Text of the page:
One Record-Breaking Statistic Proves Americans Absolutely Love the World Cup
3.2 million. That's the total amount of viewers that streamed the Germany-U.S. World Cup match on ESPN's live-streaming channel, WatchESPN, this Thursday. The telecast drew 1.7 million peak concurrent viewers, which is the highest number of viewers watching an online event simultaneously. That number breaks Fox's previous claim that they had broken the online streaming record for a U.S. sports event with its Superbowl online telecast that had 1.1 million peak concurrent viewers.
This adds to other records from this World Cup. Last Sunday's game between the U.S. and Portugal had over 25 million viewers across all platforms. Not only was this a record breaking high amount of viewers for the sport, but Sunday's game reached more people than the 2013 World Series (14.9 million) or the 2014 NBA finals (15.5 million), two of the "big four" sports in America.
Although, it may not quiet the naysayers like Ann Coulter who think that watching soccer is "a sign of the nation's moral decay," the numbers underline an intense interest in the world's most popular sport. Americans are finally experiencing the rest of the world's fervor for futbol.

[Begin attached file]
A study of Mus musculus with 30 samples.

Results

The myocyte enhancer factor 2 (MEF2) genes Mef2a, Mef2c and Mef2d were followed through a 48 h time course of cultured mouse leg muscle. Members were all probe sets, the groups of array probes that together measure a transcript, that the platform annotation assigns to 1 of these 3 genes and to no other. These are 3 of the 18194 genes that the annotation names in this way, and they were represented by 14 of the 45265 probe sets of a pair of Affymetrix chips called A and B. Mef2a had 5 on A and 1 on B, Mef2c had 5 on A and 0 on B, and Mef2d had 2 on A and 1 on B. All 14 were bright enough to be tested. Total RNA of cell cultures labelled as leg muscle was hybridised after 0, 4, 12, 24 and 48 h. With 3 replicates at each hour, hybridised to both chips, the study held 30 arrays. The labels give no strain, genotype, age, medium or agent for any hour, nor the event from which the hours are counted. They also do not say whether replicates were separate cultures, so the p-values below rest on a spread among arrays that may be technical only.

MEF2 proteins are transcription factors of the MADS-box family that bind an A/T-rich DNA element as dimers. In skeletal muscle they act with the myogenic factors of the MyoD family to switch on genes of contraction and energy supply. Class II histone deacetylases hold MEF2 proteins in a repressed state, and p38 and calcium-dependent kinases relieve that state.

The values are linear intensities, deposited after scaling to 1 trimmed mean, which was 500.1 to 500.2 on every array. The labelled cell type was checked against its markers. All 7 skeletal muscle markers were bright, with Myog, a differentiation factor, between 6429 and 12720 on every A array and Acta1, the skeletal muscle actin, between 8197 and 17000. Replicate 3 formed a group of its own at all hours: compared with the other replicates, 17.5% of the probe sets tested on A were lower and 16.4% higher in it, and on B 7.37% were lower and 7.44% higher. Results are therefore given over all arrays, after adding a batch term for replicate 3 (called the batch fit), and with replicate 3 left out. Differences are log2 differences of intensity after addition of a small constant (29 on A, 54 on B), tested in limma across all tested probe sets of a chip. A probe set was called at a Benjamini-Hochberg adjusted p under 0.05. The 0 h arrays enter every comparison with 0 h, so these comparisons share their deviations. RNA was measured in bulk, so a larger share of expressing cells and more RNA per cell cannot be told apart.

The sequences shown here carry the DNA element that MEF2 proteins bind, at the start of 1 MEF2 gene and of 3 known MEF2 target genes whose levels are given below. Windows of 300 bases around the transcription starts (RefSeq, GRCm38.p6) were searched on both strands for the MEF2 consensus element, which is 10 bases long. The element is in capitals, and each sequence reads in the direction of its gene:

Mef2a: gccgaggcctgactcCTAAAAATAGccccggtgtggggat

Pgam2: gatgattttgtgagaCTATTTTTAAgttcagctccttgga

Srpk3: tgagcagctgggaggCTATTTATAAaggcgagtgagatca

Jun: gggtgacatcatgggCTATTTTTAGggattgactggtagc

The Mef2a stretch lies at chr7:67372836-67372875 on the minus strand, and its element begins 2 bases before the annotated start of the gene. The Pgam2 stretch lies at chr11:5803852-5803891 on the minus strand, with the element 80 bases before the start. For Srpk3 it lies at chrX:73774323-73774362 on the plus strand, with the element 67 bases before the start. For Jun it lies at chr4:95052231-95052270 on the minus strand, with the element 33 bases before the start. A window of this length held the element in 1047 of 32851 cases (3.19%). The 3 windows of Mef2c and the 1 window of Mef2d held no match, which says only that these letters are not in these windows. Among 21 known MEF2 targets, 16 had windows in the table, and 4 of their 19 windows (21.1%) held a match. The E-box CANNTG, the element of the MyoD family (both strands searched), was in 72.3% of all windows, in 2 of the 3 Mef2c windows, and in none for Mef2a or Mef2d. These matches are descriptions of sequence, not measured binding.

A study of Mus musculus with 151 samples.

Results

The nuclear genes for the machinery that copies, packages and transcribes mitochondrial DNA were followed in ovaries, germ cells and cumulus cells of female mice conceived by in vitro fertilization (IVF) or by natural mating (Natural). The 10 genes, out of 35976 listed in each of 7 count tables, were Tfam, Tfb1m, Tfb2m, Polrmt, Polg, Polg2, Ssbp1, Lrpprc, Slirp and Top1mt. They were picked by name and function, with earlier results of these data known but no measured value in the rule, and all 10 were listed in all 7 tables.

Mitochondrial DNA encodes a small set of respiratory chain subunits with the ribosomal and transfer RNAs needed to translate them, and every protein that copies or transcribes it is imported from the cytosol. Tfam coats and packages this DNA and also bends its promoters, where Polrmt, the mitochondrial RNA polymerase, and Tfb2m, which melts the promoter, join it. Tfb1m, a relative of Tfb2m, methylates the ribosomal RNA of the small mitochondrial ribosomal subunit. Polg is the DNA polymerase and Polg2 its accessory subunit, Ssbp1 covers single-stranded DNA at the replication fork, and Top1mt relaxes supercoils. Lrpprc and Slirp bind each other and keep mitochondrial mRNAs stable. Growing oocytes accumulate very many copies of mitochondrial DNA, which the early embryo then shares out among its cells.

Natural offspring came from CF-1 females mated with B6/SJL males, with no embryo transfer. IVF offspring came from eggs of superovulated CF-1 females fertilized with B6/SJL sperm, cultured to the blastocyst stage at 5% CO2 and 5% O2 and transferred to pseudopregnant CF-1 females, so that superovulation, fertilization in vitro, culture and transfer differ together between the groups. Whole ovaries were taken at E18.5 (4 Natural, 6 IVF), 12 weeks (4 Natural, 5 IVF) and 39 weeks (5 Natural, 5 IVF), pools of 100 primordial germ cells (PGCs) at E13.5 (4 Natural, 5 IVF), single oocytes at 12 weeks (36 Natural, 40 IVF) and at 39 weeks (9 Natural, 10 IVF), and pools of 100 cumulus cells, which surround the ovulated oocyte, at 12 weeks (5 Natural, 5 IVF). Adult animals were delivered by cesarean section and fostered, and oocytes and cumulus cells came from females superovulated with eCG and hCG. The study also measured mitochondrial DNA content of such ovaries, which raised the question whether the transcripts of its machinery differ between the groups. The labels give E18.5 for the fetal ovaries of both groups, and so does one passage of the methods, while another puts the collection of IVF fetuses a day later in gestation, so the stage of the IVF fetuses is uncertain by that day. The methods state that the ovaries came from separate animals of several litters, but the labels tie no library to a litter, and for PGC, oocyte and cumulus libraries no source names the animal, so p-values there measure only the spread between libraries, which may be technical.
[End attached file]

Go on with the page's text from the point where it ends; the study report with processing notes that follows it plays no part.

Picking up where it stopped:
But soccer still has a long way to go. The nation's most watched sporting event is still the Super Bowl. This year the event reached a whopping 111.5 million people across all platforms, reports Quartz.
So far, World Cup matches have only averaged 4.3 million viewers. But audiences are up 50% from viewership of the 2010 games. The surge in viewers is partially attributed to a better time frame for live watching; this year's games have been played mainly in the afternoons in the U.S. Americans are streaming games during work hours and gathering at bars to cheer on the home team. And as the U.S. team continues to advance, patriotic loyalty will surely kick in even more, boosting ratings even further.